You'd think it barely gets a passing grade, but vitamin D has managed to assume stratospheric stardom on the nutritional report card. Only loosely defined as a vitamin, vitamin D is actually more like a hormone, produced partly from cholesterol in the skin when we're exposed to the sun.
As we learn more about vitamin D, myths are being busted, and surprising and disturbing trends are emerging. Researchers are discovering receptors for vitamin D in organs, tissues and an array of glands throughout the body.
• As a fat-soluble vitamin, vitamin D requires some dietary fat in the gut for absorption.
• Fish such as salmon, tuna and mackerel are very good sources of vitamin D. Small amounts of vitamin D are also found in beef liver and egg yolks.
Meanwhile, testing of vitamin-D levels indicates widespread deficiency among people everywhere.
Best known for supporting bone health and mood, vitamin D appears to also play roles in regulating immune function and having distinctive cancer-prevention abilities.
Vitamin D helps maintain bone in concert with other nutrients and may boost calcium absorption by one-third. Paired with a nutritionally targeted diet, exercise and, in many cases, supplementation, vitamin-D levels can be restored. Nevertheless, big hurdles exist.
All kinds of people are at risk for vitamin-D deficiency. Old folks in assisted living who don't get outside and those at higher latitudes, both north and south, receive less sun exposure. And people of all ages may be at risk because of widespread use of sunscreen.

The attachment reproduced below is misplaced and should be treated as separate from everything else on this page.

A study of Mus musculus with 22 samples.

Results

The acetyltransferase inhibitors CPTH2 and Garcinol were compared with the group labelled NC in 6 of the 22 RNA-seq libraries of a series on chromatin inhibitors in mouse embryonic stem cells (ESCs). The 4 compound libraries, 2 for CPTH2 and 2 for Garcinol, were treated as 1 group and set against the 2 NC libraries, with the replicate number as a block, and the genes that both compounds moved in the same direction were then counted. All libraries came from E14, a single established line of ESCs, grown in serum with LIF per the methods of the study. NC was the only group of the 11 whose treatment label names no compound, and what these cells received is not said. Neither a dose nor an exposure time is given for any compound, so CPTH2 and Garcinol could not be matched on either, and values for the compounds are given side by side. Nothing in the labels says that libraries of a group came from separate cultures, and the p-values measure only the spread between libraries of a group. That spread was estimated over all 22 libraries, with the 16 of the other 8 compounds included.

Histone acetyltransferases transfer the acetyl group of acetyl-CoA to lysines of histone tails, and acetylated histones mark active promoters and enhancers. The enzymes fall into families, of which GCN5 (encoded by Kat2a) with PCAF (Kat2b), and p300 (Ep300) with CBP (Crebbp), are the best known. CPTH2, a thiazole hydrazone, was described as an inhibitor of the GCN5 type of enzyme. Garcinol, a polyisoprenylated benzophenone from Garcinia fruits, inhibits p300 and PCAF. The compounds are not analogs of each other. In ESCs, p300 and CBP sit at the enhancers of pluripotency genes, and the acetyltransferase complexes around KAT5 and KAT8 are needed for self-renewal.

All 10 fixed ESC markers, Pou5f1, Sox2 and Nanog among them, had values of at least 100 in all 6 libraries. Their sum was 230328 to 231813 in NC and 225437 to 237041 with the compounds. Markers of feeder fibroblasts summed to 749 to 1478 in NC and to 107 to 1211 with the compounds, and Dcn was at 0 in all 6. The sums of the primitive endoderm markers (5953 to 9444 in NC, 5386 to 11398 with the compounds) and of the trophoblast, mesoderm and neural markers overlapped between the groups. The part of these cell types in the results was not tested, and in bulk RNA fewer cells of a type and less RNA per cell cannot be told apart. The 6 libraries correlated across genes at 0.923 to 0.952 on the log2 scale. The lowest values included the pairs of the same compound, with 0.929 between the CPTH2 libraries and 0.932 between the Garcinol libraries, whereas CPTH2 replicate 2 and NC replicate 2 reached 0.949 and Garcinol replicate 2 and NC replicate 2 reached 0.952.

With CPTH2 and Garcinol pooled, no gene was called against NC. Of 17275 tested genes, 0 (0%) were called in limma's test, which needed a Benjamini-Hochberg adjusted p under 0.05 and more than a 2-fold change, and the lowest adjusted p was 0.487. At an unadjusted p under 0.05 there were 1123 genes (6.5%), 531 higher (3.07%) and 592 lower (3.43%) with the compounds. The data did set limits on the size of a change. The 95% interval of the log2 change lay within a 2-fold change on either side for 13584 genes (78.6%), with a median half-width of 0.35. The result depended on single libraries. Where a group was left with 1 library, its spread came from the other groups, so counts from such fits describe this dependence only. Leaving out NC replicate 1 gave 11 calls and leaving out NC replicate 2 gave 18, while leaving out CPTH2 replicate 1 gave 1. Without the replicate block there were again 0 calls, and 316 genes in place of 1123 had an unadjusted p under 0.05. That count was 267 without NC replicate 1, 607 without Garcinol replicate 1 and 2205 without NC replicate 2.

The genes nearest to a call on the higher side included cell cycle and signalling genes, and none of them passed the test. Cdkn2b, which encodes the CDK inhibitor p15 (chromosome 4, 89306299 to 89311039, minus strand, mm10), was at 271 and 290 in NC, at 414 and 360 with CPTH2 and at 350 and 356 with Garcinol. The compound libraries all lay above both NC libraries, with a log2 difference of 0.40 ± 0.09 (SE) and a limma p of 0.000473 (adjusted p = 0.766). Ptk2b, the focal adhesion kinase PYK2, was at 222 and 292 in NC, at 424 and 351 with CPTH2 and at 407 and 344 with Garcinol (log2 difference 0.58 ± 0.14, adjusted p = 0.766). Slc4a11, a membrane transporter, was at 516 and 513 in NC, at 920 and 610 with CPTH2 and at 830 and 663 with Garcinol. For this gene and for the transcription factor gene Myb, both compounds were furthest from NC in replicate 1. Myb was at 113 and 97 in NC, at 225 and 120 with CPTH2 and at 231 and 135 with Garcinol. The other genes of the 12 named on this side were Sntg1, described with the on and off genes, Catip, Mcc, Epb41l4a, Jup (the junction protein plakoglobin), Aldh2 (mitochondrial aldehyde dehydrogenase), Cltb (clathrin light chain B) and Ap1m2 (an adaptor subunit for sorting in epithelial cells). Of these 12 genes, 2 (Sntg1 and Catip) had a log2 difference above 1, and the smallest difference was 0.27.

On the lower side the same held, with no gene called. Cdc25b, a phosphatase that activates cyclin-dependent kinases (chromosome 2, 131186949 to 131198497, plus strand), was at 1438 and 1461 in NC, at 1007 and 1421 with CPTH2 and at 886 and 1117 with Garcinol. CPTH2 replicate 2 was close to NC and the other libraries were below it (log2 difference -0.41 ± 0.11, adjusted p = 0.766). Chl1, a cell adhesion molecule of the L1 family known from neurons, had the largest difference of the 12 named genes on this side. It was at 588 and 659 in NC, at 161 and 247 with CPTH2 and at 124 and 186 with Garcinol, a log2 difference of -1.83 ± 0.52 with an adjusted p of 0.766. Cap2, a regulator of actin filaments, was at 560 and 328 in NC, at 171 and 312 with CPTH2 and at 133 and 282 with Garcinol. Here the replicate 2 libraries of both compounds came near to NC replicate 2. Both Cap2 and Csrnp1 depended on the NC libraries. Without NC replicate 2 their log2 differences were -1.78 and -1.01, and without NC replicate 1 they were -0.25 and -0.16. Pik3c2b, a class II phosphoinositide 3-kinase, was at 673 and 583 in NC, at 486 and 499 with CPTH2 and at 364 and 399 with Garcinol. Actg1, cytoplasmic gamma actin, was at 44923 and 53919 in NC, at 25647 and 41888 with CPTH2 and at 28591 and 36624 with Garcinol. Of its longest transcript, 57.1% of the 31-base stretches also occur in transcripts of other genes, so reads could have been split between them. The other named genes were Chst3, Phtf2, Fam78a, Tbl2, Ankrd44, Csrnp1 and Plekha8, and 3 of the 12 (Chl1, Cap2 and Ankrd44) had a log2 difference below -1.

In our effort to protect ourselves from the sun, we may actually be halting vitamin-D production. The light we block, including ultraviolet B (UVB), would normally lead to production of the most active form of vitamin D: D-3, aka cholecalciferol. A recent study showed that sun-protection factor (SPF) 15 lowers absorption of vitamin D by 99 percent.
Americans, on average, get fewer than 250 international units of vitamin D per day, far less than what's needed for a 21st-century immune system.
Talk to a health care provider about testing, food sources, supplementation and personal risk for vitamin-D deficiency.
Michael Altman is a nutritionist at Ventana Wellness and the Centre for Natural Healing. He teaches at Southern Oregon University and College of the Siskiyous. E-mail him at email@example.com.